The outlook for liquefied natural gas (LNG) exports has something to disappoint nearly everyone, according to analysts at Raymond James & Associates Inc.

Domestic natural gas prices are down, which should make U.S. gas attractive. But prices for LNG in Europe and Asia are "massively cheaper," Raymond James said. That's thanks to oil-linked prices in Asia, mainly, but also in Europe, too, they said.

Demand in Asian countries has not materialized to the extent many thought it would. Japan's economy has been "slow," and the coal-to-gas switch-over in China for environmental reasons also has been slow.

"If there were too many LNG [export] wannabes a year ago, we would argue that is doubly true today," Raymond James said. The firm's analysts are projecting exports of 7-9 Bcf/d from the United States by the end of the decade, with most of that coming in the out years of the period.

That's counting on six projects in the Lower 48 coming online by the end of the decade: Cheniere Energy Inc.'s Sabine Pass (due online around the end of this year or early next), Dominion's Cove Point, Kinder Morgan Inc.'s Elba Island, Cheniere's Corpus Christi, TX, facility, Freeport LNG, and Sempra Energy's Cameron LNG. All but Elba Island are under construction, and that's important. Raymond James analysts don't hold out much hope for LNG latecomers, particularly greenfield projects whose economics don't benefit from existing site facilities.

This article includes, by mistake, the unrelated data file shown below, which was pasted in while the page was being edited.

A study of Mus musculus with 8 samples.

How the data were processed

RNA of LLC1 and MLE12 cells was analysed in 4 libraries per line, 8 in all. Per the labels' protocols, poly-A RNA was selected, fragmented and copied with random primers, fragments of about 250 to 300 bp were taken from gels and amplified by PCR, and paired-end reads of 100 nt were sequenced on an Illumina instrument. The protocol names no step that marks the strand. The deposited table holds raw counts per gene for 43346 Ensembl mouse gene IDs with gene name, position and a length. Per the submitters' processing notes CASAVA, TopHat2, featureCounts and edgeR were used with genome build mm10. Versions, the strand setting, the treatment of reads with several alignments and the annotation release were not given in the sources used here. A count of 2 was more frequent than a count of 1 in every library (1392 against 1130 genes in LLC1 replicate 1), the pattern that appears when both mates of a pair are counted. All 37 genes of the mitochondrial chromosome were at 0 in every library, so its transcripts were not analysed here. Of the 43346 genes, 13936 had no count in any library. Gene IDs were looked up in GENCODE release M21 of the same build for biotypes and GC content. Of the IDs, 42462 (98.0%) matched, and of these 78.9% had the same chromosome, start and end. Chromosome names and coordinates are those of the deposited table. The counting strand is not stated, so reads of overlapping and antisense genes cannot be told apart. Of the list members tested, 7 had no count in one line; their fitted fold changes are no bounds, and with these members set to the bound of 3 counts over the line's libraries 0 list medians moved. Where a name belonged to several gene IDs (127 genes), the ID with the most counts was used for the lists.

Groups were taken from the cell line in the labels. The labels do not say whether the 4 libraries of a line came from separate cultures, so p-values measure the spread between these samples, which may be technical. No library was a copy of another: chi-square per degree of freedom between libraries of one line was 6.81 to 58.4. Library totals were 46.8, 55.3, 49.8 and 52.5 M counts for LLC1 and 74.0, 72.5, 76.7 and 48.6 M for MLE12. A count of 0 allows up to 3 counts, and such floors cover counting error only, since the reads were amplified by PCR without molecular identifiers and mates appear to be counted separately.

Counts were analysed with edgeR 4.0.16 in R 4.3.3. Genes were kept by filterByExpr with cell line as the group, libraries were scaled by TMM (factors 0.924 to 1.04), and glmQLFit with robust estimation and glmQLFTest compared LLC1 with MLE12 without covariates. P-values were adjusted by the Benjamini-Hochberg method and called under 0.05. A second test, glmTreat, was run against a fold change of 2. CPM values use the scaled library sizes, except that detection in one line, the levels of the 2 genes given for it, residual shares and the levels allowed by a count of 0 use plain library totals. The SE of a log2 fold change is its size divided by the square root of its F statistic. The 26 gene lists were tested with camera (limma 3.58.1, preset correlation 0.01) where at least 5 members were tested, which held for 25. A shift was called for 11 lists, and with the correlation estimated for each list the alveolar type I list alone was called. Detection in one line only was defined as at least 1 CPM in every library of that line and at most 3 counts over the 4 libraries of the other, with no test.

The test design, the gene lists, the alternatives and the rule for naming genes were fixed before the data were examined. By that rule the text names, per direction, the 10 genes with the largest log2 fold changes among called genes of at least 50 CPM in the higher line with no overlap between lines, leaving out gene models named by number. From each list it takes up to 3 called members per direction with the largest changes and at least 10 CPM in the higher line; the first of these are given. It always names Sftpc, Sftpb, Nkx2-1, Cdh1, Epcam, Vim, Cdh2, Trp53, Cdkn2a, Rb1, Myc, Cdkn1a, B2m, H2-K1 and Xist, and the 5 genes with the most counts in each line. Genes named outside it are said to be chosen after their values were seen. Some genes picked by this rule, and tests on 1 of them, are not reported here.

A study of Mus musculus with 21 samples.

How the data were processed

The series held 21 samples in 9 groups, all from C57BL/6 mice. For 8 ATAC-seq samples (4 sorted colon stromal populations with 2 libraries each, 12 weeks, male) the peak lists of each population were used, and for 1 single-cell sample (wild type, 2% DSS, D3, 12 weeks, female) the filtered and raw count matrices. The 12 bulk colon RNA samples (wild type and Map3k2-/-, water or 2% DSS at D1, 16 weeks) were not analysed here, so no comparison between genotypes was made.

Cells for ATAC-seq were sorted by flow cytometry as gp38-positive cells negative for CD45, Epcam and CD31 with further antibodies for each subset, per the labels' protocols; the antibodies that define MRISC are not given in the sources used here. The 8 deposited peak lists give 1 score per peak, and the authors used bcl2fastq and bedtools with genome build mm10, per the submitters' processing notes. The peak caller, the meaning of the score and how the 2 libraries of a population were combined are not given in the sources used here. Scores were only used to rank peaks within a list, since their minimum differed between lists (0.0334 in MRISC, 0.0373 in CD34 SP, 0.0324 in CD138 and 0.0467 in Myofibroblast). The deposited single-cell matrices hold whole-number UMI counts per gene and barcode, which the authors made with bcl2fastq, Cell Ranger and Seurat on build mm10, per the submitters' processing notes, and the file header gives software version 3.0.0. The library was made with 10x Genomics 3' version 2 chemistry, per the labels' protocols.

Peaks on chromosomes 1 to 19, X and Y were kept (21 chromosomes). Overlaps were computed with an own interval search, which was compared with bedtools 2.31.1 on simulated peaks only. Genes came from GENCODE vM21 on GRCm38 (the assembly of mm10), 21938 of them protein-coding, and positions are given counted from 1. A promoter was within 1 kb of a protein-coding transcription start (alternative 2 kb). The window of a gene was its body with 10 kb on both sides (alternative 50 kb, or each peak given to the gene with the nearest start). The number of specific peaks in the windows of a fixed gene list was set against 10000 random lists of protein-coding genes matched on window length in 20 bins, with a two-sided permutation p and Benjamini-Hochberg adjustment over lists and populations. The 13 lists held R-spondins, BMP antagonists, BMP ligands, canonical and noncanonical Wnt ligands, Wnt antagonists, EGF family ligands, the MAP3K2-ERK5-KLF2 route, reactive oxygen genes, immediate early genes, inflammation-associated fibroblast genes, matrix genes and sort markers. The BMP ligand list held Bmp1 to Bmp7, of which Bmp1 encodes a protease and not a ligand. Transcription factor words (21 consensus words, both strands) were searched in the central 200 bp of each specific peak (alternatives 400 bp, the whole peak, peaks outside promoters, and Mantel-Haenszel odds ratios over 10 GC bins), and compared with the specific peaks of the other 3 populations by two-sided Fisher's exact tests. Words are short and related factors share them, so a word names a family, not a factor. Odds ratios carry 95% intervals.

Not only do the six projects have to come online, they also have to reach targeted liquefaction and export rates, including the portions of their capacities that are still lacking contracts. Even if that happens, it won't give domestic natural gas producers much to smile about, Raymond James said.

"...[B]arely half of the potential U.S. gas glut will be alleviated by LNG exports in 2019..." they said. "...[W]e believe that a long-term Henry Hub average of $2.75/Mcf will enable supply growth that is sufficient to meet any realistic increase in domestic gas demand as well as supply all of the envisioned LNG export projects."